Party With Kwame Onwuachi and Gregory Gourdet at the Launch of Onwuachi's New Cookbook

Onwuachi, named “the most important chef in America” by the San Francisco Chronicle in 2019, is visiting Portland on tour for his cookbook My America: Recipes from a Young Black Chef.

By Katherine Chew Hamilton May 20, 2022

Onwuachi's new cookbook, My America: Recipes from a Young Black Chef, was released May 17.

Image: Courtesy

 “Show me an America made of apple pie and hot dogs, baseball and Chevrolet and I won’t recognize it,” writes chef Kwame Onwuachi in his cookbook My America: Recipes from a Young Black Chef, released May 17 (Knopf). “My America is full of internal rhymes, studded with a thousand languages, references, allusions, bits snatched from here or there, some bits shared, but mostly taken.” 

The cookbook includes 125 recipes, ranging from crawfish pie to callaloo (both Jamaican and Trinidadian versions), Ethiopian awaze tibs to Nigerian moi moi. Next to each recipe’s yield and ingredient list is its region of origin. Chapters are organized by ingredient—rice to tubers to legumes to seafood—rather than by geography. The influences are vast, but they all make sense in this cookbook, all tied to Onwuachi’s lived experience and the widespread influence of the African diaspora across cuisines.

Kwame Onwuachi

Image: Courtesy

 Among his many accomplishments—including authoring a critically acclaimed memoir, Notes From a Young Black Chef, winning a James Beard Rising Star Chef award in 2019, and hosting the upcoming awards this year—Onwuachi was also a guest judge on the Portland-set Top Chef Season 18 along with Gregory Gourdet, even taking contestants on a pan-African eating tour around Portland. On May 30, both Onwuachi and Gourdet will appear at a launch party for My America, where guests will have the chance to meet Onwuachi at Hunt and Gather Catering’s event space (1203 NW Glisan St) from 7 p.m. to 10 p.m. The menu will include Onwuachi’s crawfish pie, shrimp etouffee, and Trinidadian pork belly geerah; Gourdet will also be cooking some to-be-announced appetizers, while DJ Rev Shines spins music. Tickets are currently available for $100 per person and include a signed cookbook and appetizers.  

Growing up in a culinary-minded family in the Bronx—his mother, grandfather, grandmother, and sister are all chefs—Onwuachi drew from Dominican and Puerto Rican influences in his neighborhood. His family is Southern Creole, Nigerian, Jamaican, and Trinidadian; at age ten, his mother sent him to live with his grandfather in Nigeria, where the family grew their own vegetables and raised their own meat, and he grew to love goat and okra stew. He studied French technique at the Culinary Institute of America, and that influence makes its way into this cookbook, too, via stocks and cooking techniques. “So much has been taken from us; there’s no harm in taking some back,” he writes. And while most recipes in this book claim a single region of origin, a few recipes combine ingredients from across the diaspora in a single dish. The cucumber and avocado salad uses Trinidadian-style meat marinade for the cucumber, and the piri piri is inspired by South Africa, with his own addition of gooseberry.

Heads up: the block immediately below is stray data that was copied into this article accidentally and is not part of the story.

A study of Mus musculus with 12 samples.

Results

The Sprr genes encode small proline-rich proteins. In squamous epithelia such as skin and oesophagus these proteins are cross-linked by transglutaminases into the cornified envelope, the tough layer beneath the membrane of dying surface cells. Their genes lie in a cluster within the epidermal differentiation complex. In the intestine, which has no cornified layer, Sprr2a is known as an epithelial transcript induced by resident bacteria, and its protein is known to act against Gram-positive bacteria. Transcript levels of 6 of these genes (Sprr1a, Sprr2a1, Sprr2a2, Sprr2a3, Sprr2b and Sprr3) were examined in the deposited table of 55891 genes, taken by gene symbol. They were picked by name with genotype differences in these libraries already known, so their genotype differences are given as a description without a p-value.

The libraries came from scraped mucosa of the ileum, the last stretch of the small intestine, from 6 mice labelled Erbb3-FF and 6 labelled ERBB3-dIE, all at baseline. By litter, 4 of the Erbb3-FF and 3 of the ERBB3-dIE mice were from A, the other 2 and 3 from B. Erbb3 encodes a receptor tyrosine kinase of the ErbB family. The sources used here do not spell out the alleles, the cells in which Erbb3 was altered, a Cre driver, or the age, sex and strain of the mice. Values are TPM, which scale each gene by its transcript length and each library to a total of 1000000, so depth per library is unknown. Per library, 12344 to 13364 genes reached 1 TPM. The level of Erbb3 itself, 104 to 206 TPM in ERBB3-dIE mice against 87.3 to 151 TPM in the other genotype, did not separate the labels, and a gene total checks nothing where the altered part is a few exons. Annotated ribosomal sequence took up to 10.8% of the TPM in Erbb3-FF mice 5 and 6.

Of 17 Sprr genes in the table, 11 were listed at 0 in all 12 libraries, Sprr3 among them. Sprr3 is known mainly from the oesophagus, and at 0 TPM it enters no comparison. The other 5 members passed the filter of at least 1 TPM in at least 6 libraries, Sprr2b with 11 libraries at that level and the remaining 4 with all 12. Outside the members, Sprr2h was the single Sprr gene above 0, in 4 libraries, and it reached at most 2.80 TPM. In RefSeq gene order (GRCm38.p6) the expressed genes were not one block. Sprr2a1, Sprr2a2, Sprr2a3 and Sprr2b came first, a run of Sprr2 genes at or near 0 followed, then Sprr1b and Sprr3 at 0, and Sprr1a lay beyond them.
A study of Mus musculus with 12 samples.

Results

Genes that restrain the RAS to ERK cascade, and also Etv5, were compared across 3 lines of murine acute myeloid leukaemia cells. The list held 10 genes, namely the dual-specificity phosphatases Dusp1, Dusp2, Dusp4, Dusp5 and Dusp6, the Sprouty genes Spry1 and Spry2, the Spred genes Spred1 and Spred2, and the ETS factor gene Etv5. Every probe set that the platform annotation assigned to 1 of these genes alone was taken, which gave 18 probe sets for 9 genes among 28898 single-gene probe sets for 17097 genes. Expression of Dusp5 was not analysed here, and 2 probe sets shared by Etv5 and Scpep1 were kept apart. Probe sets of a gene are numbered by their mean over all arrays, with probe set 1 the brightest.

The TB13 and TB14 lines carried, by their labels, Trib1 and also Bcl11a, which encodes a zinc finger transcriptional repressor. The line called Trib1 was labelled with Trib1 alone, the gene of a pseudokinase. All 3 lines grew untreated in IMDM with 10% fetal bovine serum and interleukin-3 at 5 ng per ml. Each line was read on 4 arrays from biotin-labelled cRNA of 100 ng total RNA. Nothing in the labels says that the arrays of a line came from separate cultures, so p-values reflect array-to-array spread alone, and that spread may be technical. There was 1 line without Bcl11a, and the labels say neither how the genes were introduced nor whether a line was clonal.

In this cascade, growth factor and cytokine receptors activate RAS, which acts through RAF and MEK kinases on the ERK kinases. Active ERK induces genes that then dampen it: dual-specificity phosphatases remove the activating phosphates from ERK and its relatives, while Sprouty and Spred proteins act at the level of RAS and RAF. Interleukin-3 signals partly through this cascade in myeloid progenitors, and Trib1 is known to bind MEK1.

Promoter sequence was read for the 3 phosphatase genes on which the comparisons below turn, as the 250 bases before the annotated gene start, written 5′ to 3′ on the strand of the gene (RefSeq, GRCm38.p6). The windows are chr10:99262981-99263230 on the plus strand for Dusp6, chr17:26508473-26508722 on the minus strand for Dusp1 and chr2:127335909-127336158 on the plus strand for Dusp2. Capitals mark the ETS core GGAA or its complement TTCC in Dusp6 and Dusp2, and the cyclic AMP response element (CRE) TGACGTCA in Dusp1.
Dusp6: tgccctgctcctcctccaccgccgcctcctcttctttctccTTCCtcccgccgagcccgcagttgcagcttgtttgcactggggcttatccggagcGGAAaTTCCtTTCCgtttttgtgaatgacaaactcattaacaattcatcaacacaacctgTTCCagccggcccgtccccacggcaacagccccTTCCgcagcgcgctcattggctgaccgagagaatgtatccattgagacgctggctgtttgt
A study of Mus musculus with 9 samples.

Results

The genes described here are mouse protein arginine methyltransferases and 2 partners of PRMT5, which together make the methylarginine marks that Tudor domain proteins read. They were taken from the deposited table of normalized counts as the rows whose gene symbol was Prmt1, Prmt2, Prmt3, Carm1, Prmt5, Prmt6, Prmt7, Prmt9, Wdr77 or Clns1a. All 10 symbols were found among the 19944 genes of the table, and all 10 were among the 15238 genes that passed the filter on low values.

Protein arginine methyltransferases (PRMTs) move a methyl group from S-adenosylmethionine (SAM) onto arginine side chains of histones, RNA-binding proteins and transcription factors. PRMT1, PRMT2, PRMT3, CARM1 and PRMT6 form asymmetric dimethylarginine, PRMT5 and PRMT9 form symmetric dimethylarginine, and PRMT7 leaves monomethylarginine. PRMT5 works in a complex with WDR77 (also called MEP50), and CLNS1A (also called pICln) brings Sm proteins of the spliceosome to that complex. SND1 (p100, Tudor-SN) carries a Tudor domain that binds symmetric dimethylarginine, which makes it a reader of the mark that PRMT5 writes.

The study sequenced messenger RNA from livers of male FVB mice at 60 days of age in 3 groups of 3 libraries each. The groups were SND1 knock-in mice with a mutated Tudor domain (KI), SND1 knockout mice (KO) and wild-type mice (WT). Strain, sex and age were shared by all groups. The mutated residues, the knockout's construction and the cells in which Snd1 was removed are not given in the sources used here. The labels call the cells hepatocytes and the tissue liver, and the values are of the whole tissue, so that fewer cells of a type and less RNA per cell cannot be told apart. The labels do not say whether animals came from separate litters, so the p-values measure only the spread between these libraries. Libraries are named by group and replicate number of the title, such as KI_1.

In between stops on his nine-city book tour, we talked with Onwuachi in advance of the launch party to learn more about the process behind this impressive, wide-ranging book.

What was the research process like for this cookbook?

I went back to Trinidad and Tobago with my grandfather, walked the roads that he played on as a kid. I went back to his elementary school, which he hadn't been to in 60 years. And I got to eat at his restaurant, restaurants that he loves, and also go to my family's houses. I went to Mamou, Louisiana with my grandma and was able to see where she was born—the house that she grew up in was still there—and eat the food there. I got to go back to Jamaica, went to Nigeria. So it was great. I got to know my family a bit more, and that's what this book is really about, is putting it on a pedestal—my heritage and my ancestors.

What’s one recipe in this book that you’re particularly proud of, or that represents you particularly well? 

I think the jerk chicken, because there’s such attention to detail with it. You know, you're making a jerk brine, you’re making a marinade, you’re making a curry powder, you’re making a jerk paste. So I love that recipe. The cucumber-avocado salad is really great as well.

What else are you up to now other than, you know, completing this massive cookbook?

I have this event [in August through Food and Wine Magazine] called the Family Reunion. It’s a four-day food festival in Middleburg, Virginia, with Sheila Johnson at Salamander Resort. [Note: it’s Onwuachi’s second time hosting this festival celebrating Black chefs and foodways.] We have 40 of the top chefs in the country, and also food writers and beverage specialists, winemakers, and we throw the dopest party you've ever seen. It starts with a cookout, but instead of your uncle behind the grill, it's Rodney Scott and Brian Furman and Virginia Ali from Ben's Chili Bowl. And we have panel discussions and breakout sessions, everything from the history of jerk to the history of soul food with Dr. Jessica B. Harris, to ziplining with Gregory Gourdet. He takes everyone ziplining, zipping through the trees. 

What has reception to your cookbook been like so far?

Overwhelmingly positive. People are just appreciative of giving a voice to the inaudible. Having these recipes documented in such a way that a lot of people have cherished, and now they have this lexicon, this catalog of recipes that really showcases Black foodways. It’s been awesome getting to hang out with people, talking to them. It's gonna be a nice big party. Greg's cooking some stuff. I'm cooking some stuff. You got a DJ, we're gonna have ourselves a good time.